Fruit flies (Drosophila melanogaster) may seem like pests to most people, but their simple biologic structure makes them ideal hosts for a variety of scientific experiments.
For her work in identifying a fruit fly gene that can be useful in diabetes and other biological studies, Melissa Kaye Jones from Cal State Long Beach (CSULB) received the 2012 Don Eden Graduate Student Research Award at the 24th annual California State University Biotechnology Symposium held in Santa Clara. The CSU Program for Education and Research in Biotechnology (CSUPERB) sponsors the statewide event.
The Long Beach resident earned her B.S. degree in biology with an option in cell and molecular biology and a certificate in biotechnology from CSULB. She’s now working on her master of science in biology in the lab of Professor Lisa Klig, an expert in molecular genetics. Jones co-authored her presentation with Klig and Associate Professor Elizabeth Eldon.
Jones’ work focuses on an enzyme called myo-inositol oxygenase (MIOX) that helps break down a sugar, myo-inositol, which is important in many biological processes. “MIOX is implicated in diabetes, but the mechanisms are largely unknown,” she said. Scientists already found the MIOX gene in mice but not in fruit flies, until now.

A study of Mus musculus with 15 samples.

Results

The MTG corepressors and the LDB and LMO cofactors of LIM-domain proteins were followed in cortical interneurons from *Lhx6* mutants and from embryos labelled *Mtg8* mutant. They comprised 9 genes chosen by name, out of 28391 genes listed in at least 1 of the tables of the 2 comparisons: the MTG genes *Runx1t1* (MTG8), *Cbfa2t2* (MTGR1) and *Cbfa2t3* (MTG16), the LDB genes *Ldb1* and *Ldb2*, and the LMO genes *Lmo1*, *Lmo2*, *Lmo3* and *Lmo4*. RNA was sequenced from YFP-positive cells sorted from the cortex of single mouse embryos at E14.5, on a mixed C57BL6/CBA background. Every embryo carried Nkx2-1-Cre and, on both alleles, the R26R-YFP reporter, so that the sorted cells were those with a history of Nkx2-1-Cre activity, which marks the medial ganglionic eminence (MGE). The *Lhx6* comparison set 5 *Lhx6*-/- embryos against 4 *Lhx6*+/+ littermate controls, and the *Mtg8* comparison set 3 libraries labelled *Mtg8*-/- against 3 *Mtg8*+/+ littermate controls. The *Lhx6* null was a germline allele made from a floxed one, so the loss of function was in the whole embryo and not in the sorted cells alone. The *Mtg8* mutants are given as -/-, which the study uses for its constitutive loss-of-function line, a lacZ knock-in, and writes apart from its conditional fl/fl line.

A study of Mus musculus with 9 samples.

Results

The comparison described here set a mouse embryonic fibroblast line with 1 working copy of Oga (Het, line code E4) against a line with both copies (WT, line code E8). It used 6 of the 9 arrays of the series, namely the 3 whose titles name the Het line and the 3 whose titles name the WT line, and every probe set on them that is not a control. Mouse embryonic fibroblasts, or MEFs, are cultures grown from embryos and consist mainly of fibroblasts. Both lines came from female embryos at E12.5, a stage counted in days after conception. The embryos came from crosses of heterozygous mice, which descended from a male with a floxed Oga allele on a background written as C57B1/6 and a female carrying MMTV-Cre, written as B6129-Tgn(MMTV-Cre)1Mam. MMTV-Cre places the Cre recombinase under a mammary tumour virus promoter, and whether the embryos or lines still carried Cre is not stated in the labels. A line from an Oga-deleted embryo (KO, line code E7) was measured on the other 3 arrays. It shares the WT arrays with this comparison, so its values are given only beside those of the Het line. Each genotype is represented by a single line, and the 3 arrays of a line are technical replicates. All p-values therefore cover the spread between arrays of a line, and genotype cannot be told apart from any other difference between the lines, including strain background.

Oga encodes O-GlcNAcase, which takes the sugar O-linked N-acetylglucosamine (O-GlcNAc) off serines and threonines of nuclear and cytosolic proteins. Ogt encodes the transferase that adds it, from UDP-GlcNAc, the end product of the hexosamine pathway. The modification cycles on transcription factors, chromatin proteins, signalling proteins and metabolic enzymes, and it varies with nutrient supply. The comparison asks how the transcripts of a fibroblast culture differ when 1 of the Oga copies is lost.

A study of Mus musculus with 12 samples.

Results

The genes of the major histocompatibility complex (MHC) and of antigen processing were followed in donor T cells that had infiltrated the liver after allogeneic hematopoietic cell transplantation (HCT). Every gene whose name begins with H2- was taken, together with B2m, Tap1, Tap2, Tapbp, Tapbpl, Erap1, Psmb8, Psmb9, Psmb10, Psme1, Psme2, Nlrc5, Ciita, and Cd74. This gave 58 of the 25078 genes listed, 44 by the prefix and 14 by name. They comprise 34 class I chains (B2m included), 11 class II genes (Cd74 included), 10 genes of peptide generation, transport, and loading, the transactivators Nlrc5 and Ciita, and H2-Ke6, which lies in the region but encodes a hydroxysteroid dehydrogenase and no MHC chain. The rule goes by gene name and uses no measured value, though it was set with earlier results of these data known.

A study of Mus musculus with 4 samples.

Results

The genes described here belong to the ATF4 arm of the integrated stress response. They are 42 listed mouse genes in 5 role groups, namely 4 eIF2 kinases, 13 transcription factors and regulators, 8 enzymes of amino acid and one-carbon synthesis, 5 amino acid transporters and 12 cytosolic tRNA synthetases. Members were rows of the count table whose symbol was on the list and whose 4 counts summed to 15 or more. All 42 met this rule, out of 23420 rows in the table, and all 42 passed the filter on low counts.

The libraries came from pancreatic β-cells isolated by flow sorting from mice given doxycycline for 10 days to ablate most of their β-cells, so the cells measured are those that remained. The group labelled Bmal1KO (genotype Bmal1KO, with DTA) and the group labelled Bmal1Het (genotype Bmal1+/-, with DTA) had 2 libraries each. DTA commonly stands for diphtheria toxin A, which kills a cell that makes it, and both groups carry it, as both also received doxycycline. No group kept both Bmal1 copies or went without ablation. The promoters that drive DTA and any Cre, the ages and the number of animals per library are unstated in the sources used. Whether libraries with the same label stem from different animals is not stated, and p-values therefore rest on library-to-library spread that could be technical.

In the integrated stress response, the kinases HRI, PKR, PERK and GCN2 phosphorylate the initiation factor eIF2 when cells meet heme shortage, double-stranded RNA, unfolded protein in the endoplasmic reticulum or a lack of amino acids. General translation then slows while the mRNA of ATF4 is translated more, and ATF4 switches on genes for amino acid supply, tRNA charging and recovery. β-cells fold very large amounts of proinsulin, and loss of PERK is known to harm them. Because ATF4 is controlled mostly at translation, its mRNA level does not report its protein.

“We have found a gene in fruit flies that codes for a protein which is 54 percent identical to the mouse MIOX protein and contains a number of features known to play a role in the functioning of the MIOX protein,” Jones said. “Using RNA interference technology, we were able to show that a decrease in the CG6910 protein in the fruit flies rendered them unable to survive with inositol as their sole carbon and energy source. This establishes that CG6910 is the MIOX gene in fruit flies and so fruit flies can be used as a model to study the role of inositol catabolism in diabetes.” Catabolism is the process of breaking down molecules that releases energy in organisms.
The Eden Award honors the late Don Eden, a professor at San Francisco State University who served on the CSUPERB board. Recipients receive a $750 award toward their education plus up to $1,000 for travel expenses to present their research at a national or international scientific meeting.
The award will aid Jones in her goal of eventually earning a Ph.D. and conducting gene translational studies in order to become a biomedical researcher.
“Winning the CSUPERB Don Eden Graduate Student Research Award is an amazing feeling,” Jones said. “This award is not only for the research I’ve done, but also celebrates the hard work and support from the other students in our lab and Dr. Klig. She has played a vital role in my academic career and been an incredible mentor for me. She truly cares for her students and wants them to succeed in everything they do, and we are greatly in her debt for that.
“The CSULB master’s program in biology offers students the opportunity of receiving a high-quality degree while teaching them the skills necessary to succeed as Ph.D. candidates or to enter into industry,” Jones added. “I knew I would have a lot of options once I received my master’s degree.”